Arlo Guthrie Talks Annual Carnegie Concert, Next Generation of Family Musicians
One of the things Arlo Guthrie remembers most about his first show at Carnegie Hall, 50 years ago, is having his mother and his piano teacher in the front row.
"I could see the looks on their faces, which could only be described as 'How could this possibly happen? What is he doing there?!'" Guthrie -- who celebrates that anniversary on Saturday (Nov. 25) with what's become an annual Thanksgiving ritual at the venerable Manhattan theater -- tells Billboard with a laugh. "My piano teacher knew that I was an awful student. And my mother could not imagine that her kid would be on that stage. It didn't make any sense to her. She didn't get it."
Fans, of course, have gotten it ever since, over the course of 54 more performances at Carnegie -- often with good pal Pete Seeger. "My first few times there I was literally shaking, of course," Guthrie recalls. "I knew the history of that stage and it scared me. It took a few years to be able to breathe and sing at the same time. Now it feels like going home. We've done it so often and so many times that it's very enjoyable and something I look forward to doing every year. It's become a tradition not just for our family but for the larger family that will be there that Saturday night."
This year the Carnegie show comes in the midst of the iconic folk singer's Re:Generation Tour, on with son Abe Guthrie and daughter Sarah Lee Guthrie. The pan-generational tour began in late October and has dates booked into May and is an endeavor Guthrie's father Woody desired but never executed. "I've seen my kids mature as performers, which I love," Guthrie says. "I didn't push any of them into being entertainers; I think the water runs downhill, as they say. This was the path of least resistance for them. Abe and Sara Lee in particular have become really good up there, which I love. And when we all get together it's family. It's fun. We don't have any divas in this family, so it makes it easy."
Some of Guthrie's other children will be part of the show at Carnegie Hall, and they bring a different perspective on the hallowed venue. "My kids have grown up there, and so have their kids, so to them it's not a big deal at all," he notes. "If that stage ever intimidated them, they never let on to me. So it's just fun for us. I don't know if that tradition will continue or not once I'm outta here, but I feel it's up to me to continue it for as long as I'm here, for as long as I'm able to do it."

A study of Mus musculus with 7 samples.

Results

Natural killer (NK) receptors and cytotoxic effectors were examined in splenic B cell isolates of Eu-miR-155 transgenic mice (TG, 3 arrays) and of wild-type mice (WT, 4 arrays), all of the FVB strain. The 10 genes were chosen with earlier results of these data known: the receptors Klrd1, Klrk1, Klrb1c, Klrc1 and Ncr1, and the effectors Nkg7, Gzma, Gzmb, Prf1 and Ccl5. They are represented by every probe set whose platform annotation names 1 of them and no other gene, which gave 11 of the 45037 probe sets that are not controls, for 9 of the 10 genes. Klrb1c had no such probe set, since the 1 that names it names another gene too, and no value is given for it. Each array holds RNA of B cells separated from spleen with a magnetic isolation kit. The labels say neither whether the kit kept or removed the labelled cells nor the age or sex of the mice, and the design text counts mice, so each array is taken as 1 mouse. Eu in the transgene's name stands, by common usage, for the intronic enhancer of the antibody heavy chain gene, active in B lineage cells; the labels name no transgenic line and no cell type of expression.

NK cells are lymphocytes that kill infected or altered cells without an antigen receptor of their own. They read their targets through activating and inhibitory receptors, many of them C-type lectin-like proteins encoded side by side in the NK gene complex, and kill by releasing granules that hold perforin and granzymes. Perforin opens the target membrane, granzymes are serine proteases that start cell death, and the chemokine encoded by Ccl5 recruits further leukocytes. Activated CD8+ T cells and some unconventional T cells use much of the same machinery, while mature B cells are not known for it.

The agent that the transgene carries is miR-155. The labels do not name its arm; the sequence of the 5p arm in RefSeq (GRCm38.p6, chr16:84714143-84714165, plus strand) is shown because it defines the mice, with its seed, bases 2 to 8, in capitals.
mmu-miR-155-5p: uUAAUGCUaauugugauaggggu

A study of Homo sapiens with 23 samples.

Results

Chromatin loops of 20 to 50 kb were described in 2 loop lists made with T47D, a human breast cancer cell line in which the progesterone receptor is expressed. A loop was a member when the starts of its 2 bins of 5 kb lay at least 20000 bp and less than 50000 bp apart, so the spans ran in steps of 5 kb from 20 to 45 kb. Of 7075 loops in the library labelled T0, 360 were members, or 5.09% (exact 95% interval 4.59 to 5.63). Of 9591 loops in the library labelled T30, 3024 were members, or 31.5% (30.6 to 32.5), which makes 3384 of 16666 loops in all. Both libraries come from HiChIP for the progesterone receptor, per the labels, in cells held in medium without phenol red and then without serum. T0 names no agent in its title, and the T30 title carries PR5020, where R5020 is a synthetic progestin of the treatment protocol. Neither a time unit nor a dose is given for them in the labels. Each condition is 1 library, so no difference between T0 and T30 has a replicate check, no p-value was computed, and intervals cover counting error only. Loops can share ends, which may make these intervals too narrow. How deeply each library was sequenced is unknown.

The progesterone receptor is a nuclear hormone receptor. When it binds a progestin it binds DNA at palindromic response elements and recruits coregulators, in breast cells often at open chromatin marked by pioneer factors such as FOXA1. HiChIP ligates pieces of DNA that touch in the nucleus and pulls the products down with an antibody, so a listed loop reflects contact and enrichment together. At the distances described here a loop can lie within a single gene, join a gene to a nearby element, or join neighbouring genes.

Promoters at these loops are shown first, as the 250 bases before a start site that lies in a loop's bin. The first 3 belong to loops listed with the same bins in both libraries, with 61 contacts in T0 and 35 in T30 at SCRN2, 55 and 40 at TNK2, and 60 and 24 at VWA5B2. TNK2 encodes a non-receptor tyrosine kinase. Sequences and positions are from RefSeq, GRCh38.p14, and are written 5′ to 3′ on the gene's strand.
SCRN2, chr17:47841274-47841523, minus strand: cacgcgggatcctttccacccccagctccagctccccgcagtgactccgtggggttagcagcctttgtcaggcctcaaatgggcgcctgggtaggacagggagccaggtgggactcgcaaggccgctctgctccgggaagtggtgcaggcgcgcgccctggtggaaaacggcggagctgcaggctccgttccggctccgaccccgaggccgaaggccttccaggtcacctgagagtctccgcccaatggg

What Guthrie won't be doing this year is playing his fabled "Alice's Restaurant Massacree," the 18-minute opus that's also celebrating its 50th anniversary this year -- though Guthrie started commemorating that back in 2015 since the song is based on a true littering citation incident on Thanksgiving Day 1965. "I quit doing it every year about 30 years ago," Guthrie says. "It's just too long. Nobody wants to get up there and repeat the same 20 minutes of their life every day, no matter what you do. And it eats a lot into the two hours that we have on stage, especially when we have the kids doing their stuff as well as me." "Alice's Restaurant" may return to the set next year, however, leading up to the 50th anniversary of the 1969 feature film that was based on the song.
Guthrie says he's working on "nothing in particular" in regards to new music. "We've got so much in the catalog at this point, there's not enough time to do them," he notes. And while the times may seem to call for new Guthrie songs, he feels the old ones will actually suffice.
"The situation we find ourselves in, politically or whatever these days, is not really all that different than stuff we've been through before -- you just have to live long enough to see it," he says. "We've already got some good songs about this stuff. This is obviously not the sunny day that we had imagined might be here at this point. It looks awful cold and cloudy. But I've been reminded over and over again...that it's darkest before the dawn, and you've got to keep that in mind. Part of the work or the message that we try to put out at every show is we'll get through it. It WILL be better -- the only question is how long do we have to endure this, and how many lives is it gonna cost? That's the real issue for me. But if the world was meant to be perfect it would have found a way to be so by now, so it's not meant to be perfect. It's meant to be this way because that helps us focus with what's important. Despite everything I think the world IS evolving, and the destiny I see is a lot brighter than what other people see sometimes. I don't know if I'll still be around when we finally get there, but I'm confident we will get there."